Samsung Galaxy TabPro S detachable now available
Samsung Galaxy TabPro S detachable now available
The 12-inch 2-in-1 convertible starts with a Core m3-6Y30 CPU, 4 GB RAM, 128 GB SSD, and a 2160 x 1440 resolution display for less than 1000 Euros.

The 2-in-1 Galaxy TabPro S combines the advantages of a tablet and notebook in a 6.3 mm flat form factor. Users can choose between Windows 10 Home or Windows 10 Pro depending on the SKU selection. Despite the small 12-inch screen size, the tablet boasts a native resolution of 2160 x 1440 and a weight of just under 700 grams.

According to today's announcement, the detachable will be available starting this week in Black only:

  • Galaxy TabPro S Wi-Fi with Windows 10 Home: 999 Euro (UVP)
  • Galaxy TabPro S Wi-Fi with Windows 10 Pro: 1099 Euro (UVP)
  • Galaxy TabPro S LTE with Windows 10 Pro: 1199 Euro (UVP)

Typists will benefit from the included QWERTY keyboard and back cover for the TabPro S. The stylish cover protects the tablet and doubles as a stand for more comfortable operation on a desk.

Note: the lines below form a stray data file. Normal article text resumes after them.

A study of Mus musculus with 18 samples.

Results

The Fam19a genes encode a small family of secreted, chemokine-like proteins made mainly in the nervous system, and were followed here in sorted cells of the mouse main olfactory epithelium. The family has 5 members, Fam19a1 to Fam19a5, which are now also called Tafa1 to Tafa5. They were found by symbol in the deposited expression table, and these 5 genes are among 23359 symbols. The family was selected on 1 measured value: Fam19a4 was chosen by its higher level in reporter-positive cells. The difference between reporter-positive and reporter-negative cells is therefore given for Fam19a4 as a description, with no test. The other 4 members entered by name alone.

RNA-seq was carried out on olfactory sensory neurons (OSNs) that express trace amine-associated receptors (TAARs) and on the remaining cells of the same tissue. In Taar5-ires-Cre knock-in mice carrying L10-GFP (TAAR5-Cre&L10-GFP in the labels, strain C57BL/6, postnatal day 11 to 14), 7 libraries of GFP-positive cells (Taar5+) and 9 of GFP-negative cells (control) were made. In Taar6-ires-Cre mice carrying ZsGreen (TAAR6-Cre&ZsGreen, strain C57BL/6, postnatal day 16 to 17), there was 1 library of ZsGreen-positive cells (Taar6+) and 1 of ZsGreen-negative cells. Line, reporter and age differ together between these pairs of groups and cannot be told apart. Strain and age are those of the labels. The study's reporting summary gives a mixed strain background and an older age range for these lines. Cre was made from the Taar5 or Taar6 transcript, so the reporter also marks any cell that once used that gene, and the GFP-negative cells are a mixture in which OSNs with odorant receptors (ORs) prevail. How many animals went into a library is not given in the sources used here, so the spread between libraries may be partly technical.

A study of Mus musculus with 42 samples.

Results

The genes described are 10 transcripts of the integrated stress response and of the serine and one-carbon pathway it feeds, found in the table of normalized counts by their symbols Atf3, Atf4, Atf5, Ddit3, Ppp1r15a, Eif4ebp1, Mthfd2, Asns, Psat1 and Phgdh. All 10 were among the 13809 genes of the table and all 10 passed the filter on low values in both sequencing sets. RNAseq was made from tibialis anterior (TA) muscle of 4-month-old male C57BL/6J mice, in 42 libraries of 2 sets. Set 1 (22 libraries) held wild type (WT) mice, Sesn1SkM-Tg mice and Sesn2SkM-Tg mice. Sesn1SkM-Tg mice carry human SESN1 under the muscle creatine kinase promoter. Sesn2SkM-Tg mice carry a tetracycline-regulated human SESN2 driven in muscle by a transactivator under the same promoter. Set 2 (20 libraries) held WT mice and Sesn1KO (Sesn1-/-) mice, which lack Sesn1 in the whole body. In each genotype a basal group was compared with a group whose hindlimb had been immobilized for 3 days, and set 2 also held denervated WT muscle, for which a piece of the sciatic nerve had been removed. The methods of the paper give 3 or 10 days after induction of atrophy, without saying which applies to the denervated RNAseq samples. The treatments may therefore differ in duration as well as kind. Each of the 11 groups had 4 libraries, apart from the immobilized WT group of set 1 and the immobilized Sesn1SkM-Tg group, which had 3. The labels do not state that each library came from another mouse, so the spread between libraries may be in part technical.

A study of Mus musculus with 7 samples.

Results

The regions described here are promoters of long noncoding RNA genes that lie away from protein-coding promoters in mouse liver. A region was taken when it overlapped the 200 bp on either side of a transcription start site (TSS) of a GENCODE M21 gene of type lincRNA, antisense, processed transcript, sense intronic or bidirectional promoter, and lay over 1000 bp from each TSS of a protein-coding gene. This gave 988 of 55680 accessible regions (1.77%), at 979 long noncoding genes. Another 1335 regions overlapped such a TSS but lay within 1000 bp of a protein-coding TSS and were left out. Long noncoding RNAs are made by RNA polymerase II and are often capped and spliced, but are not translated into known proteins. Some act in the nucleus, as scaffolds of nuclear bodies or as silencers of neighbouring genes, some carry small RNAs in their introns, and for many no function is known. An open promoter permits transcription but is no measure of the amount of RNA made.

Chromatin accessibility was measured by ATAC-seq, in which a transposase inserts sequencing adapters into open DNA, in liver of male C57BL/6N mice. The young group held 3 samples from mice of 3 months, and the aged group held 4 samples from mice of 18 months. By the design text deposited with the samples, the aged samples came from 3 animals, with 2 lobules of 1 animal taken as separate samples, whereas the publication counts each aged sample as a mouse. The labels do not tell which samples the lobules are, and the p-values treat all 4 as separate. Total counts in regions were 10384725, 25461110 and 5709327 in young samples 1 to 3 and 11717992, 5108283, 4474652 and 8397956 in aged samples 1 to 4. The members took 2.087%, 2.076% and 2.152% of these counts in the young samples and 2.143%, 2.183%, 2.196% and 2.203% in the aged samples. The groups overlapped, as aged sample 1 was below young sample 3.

The heart of the TabPro S convertible is an Intel Core m3-6Y30 CPU with 4 GB RAM and a 128 GB SSD, which suggests a completely fan-less design. Samsung promises up to 10 hours of runtime from the integrated 5200 mAh battery pack. Charging is done via the USB Type-C port and will take approximately 2.5 hours from empty to full.

The Bluetooth-activated Stylus enables intuitive inputs and handwritten notes with 1024 levels of pressure similar to current WACOM pens.

Ronald Tiefenthäler/ Allen Ngo, 2016-03- 1 (Update: 2016-03- 1)
Allen Ngo
Allen Ngo - US Editor in Chief
After graduating with a B.S. in environmental hydrodynamics from the University of California, I studied reactor physics to become licensed by the U.S. NRC to operate nuclear reactors. There's a striking level of appreciation you gain for everyday consumer electronics after working with modern nuclear reactivity systems astonishingly powered by computers from the 80s. When I'm not managing day-to-day activities and US review articles on Notebookcheck, you can catch me following the eSports scene and the latest gaming news.